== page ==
It seemed fitting that the governor of Arizona vetoed Senate Bill 1211 last Tuesday, Earth Day. The bill, which would have allowed ranchers and their employees to kill a wolf on federal land if caught harming or killing livestock, spent the last three months making its way through committees and both houses of the legislature. Citizens voiced their opinions, both for and against the proposed legislation, in calls and emails to state lawmakers and in letters to the editors of local newspapers.
Mexican gray wolves, reintroduced in Arizona in 1998, are protected by the Endangered Species Act, which also governs the reintroduction program. In her veto letter Governor Brewer reiterated her support of states’ rights, but also recognized that SB1211 would have conflicted with federal law and called the bill unnecessary.
Meanwhile, oblivious to the battle in the Arizona statehouse, the Bluestem Pack continued to run and hunt halfway across the state in the White Mountains. The most recent monthly report (dated April 24th and prepared by the field team that monitors the wolves’ activity) located the alpha pair, a juvenile male, and six pups born in 2013 just south of Big Lake, part of their traditional territory in the Apache-Sitgreaves National Forests.
During March the field team also conducted a predation study and found two elk carcasses that had recently been killed and eaten by the pack. In twelve years of living in the wild, the Bluestem Pack has seldom harassed or killed livestock.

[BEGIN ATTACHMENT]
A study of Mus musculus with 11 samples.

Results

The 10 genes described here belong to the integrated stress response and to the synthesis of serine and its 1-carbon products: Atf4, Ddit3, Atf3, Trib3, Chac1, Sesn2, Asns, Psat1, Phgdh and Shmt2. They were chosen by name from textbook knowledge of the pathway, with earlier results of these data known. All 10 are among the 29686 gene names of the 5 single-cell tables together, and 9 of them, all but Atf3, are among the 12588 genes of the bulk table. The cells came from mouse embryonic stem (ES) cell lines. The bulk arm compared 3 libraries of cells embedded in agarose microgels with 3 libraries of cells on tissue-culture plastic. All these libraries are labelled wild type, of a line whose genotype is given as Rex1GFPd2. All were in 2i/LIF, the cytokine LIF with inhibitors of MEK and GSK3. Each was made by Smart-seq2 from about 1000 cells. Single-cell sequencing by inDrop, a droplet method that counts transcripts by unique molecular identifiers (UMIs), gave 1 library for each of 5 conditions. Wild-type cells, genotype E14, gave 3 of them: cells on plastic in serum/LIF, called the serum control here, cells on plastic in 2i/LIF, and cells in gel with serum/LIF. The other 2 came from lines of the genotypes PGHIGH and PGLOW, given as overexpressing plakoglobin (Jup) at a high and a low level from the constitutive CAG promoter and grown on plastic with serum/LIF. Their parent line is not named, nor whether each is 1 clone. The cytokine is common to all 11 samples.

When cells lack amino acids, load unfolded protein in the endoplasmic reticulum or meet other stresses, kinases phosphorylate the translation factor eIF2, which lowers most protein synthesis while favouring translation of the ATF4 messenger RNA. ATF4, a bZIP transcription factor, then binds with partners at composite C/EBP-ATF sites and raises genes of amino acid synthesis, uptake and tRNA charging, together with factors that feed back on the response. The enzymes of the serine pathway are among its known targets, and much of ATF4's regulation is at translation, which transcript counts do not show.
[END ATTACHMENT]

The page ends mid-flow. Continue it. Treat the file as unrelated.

One exception occurred last November when the wolves killed a cow. The incident, reported by a rancher, was investigated by the field team and was assigned, based on radio telemetry reports, to AF1042 (the alpha female) and m1275 (the two-year-old male). Although I don’t know the details, the rancher was likely reimbursed for his monetary loss.
The outcome could have been very different had a law like SB1211 been in place at the time of the depredation. The two wolves, if caught, could have been shot on sight, no questions asked, leaving the pack without their alpha (breeding) female. Instead, the Bluestem Pack still runs, intact, and has not killed any more livestock.
It is the season for new litters of Mexican wolf pups, typically born in April or May. Soon we’ll find out if the Bluestem Pack has any new members.
Note: On April 23, 2014 Governor Brewer also vetoed House Bill 2699, a similar bill to SB1211.